The Green Bay Packers have struggled to run the football all season long. Presently, the Pack ranks 30th in the NFL with an average of just 74.5-yards rushing per game. They are averaging just 3.3-yards per rush and have been stopped for no gain or negative yardage 19 times. That does not include kneel downs at the end of the half or the game. The Packers problems can be attributed to poor blocking and injuries along the offensive line and to running backs. But here are five things the Packers can do to improve their running game:
First Thing the Packers Can Do to Improve Their Running Game: Get Aaron Jones More Touches
Aaron Jones is by far the Packers best running back. He is dynamic and dangerous. Jones’ speed and cutting ability make him a threat to break a long run any time he touches the ball.
Jones has gained more than 1,000 yards in a season in three of the last four years. He is also a good receiver out of the backfield and was second on the team in pass receptions with 59 a year ago.
The former UTEP star returned to the lineup in Week 4 against the Lions after injuring his hamstring in the season opener against the Bears. The coaching staff had Jones on a play count, and he received only six touches against Detroit.
The Packers should get Jones the ball more once he’s ready. A.J. Dillon has struggled this season. The Green Bay ground game should primarily go through Jones. When he’s healthy, he should get most of the carries.
Second Thing the Packers Can Do to Improve Their Running Game: Don’t Get Away from Running the Ball
Packers head coach Matt LaFleur calls the plays for the offense and scripts the first 15 plays of each game in advance. However, LaFleur often gets away from calling enough running plays. How often have we heard the coach say he needs to run the ball more and get the ball to Jones more often? Far too frequently.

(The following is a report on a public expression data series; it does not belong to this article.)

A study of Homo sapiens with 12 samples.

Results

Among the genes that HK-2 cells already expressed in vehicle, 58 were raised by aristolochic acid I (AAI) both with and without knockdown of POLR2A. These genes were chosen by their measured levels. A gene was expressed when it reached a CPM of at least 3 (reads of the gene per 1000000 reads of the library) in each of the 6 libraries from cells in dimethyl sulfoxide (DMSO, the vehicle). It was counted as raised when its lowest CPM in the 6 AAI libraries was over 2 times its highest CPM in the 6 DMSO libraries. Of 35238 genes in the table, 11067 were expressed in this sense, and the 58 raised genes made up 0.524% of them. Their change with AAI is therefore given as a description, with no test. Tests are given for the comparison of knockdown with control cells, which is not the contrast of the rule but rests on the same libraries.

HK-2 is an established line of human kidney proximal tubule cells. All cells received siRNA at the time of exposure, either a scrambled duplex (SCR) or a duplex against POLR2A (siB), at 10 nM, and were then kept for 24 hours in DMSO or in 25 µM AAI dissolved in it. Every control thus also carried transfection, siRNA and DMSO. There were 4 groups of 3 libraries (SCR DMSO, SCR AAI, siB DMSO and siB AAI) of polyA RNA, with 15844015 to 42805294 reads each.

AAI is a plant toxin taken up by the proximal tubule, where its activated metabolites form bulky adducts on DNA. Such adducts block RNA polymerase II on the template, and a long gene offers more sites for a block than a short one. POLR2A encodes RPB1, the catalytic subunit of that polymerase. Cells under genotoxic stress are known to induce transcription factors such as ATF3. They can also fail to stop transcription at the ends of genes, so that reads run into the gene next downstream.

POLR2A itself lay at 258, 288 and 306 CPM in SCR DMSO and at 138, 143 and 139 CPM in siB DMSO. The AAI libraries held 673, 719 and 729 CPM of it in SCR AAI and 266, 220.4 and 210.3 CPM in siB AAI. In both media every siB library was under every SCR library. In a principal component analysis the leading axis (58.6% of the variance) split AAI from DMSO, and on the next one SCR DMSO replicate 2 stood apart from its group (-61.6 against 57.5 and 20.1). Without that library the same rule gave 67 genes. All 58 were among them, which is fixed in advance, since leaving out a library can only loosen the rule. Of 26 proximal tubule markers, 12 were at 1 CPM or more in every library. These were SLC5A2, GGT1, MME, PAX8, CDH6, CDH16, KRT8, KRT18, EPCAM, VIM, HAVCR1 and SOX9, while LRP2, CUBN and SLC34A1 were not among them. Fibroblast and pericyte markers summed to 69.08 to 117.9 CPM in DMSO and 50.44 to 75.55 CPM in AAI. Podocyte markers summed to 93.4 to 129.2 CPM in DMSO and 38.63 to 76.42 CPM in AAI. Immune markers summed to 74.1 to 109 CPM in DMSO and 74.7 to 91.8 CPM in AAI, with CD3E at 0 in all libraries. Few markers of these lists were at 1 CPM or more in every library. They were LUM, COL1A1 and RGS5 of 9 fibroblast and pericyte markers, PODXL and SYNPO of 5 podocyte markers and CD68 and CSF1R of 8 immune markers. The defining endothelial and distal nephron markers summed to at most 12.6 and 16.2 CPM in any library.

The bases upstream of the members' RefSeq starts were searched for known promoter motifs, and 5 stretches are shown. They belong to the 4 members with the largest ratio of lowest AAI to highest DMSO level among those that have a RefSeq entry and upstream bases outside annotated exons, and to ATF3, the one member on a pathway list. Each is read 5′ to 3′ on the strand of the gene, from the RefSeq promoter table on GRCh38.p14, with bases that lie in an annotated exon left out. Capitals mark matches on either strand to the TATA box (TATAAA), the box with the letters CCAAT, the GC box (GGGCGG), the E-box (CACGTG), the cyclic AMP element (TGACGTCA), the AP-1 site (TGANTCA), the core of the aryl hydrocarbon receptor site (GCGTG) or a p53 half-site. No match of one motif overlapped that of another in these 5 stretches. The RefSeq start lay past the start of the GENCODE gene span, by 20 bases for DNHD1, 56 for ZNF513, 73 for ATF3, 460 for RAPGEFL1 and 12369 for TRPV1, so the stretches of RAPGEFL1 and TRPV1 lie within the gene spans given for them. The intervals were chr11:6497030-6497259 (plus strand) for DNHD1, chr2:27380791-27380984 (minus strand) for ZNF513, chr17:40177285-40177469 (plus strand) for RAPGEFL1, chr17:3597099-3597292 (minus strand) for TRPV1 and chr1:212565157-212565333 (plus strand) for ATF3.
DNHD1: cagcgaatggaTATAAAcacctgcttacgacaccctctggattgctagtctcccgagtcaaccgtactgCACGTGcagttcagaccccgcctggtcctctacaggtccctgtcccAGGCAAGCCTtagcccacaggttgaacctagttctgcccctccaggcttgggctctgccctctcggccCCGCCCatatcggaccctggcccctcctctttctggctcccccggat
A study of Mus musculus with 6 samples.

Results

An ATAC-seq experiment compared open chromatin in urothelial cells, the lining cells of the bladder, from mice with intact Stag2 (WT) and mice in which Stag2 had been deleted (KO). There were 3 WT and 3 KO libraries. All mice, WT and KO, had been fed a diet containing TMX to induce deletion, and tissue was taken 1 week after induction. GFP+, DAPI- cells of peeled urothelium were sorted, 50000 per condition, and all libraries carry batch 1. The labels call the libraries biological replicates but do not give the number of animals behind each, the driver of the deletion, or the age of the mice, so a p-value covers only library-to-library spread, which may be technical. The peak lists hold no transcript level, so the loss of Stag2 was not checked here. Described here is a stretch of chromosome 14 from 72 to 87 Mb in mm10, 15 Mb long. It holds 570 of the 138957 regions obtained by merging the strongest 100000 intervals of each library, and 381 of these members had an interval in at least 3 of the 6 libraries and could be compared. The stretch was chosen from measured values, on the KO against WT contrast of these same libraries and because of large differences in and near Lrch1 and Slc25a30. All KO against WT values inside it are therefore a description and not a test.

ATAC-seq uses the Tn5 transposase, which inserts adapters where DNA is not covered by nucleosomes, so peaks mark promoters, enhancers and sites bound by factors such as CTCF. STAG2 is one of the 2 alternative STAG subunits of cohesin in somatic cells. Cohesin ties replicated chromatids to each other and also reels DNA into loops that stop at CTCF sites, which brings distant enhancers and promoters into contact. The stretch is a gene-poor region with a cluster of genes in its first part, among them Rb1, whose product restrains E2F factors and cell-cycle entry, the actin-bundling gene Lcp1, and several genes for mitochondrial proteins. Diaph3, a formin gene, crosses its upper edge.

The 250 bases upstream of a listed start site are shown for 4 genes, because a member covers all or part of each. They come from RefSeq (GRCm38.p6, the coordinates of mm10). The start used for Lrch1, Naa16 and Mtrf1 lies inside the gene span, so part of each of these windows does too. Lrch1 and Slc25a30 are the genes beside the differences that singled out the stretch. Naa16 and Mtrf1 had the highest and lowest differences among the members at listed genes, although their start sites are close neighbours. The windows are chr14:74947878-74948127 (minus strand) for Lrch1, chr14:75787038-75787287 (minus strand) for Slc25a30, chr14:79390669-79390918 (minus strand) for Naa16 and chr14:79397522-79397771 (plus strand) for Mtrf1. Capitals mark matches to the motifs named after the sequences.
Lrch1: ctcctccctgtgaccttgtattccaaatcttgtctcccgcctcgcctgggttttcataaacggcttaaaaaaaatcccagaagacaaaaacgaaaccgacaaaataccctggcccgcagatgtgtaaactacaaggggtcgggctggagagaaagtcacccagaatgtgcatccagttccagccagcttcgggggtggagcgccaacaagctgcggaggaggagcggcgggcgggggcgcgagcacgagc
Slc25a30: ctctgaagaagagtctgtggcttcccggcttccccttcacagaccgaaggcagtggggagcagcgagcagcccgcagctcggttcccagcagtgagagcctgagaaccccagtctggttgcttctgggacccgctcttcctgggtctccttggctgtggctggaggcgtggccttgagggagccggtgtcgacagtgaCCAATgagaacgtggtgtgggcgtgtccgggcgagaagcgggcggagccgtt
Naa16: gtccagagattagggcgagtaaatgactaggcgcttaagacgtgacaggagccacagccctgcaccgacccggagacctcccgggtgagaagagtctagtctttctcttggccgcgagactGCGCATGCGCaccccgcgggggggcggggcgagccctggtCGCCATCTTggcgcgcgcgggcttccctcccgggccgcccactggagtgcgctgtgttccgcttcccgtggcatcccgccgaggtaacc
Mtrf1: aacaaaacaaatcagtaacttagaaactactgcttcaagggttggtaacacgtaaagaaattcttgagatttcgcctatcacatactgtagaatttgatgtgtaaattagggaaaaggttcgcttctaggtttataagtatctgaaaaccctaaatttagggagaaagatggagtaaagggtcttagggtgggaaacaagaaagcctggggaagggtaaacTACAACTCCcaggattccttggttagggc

Even if the running game isn’t clicking on all cylinders, running the ball keeps the defense honest, prevents third and long situations, and gives the defense a chance to catch its breath.
The Packers need to commit to running the football even if that includes more jet sweeps, end arounds and other gadget plays a few times per game.
Third Thing the Packers Can Do: Get the Offensive Line Healthy
The running game’s struggles have been in part due to poor run blocking by the offensive line. David Bakhtiari and Elgton Jenkins are two of the team’s better run blockers. Bakhtiari has been out since Week 1 and Jenkins since the second quarter of Game 2. Bakhtiari is likely done for the season.
Jenkins returned to practice on Tuesday and if he returns and plays left guard, it should give the run blocking a boost.
Zach Tom, another of the team’s better run blockers, has also been playing hurt and the team needs to get him back to full strength. Jon Runyan, Jr. has also been playing through injuries which compromised his run blocking.
If the better run blockers on the offensive line get healthy, the run blocking should improve, and the runners will have more holes to run through.
Fourth Thing the Packers Can Do to Improve Their Running Game: Bench Royce Newman
Royce Newman has struggled mightily as a run blocker. While he is far from alone in this department, Newman has graded out as the team’s worst run blocker among players who have taken significant snaps according to Pro Football Focus. Newman has also been beaten frequently in pass protection.
If Jenkins returns to the lineup and Runyan is healthy, Newman won’t start. But if either of the two are unable to go, the Packers should turn to 2022 third-round pick Sean Rhyan at guard over Newman.
Another alternative is to move Tom to guard and have Yosh Nijman move to tackle until the starting guards are healthy.
Either way, Newman is too much of a liability to leave in the lineup.
Fifth Thing the Packers Can Do: Give Emanuel Wilson More Touches
With Dillon struggling to gain yards after contact and to pick the right running lane, the Packers should give more touches to rookie Emanuel Wilson.
Wilson led the team in rushing in the preseason. The former Fort Valley State star has carried the ball just five times in four regular season games. Getting him some more touches at the expense of Dillon could motivate Dillon and may give the offense a spark if Wilson can recreate some of the magic he showed in August.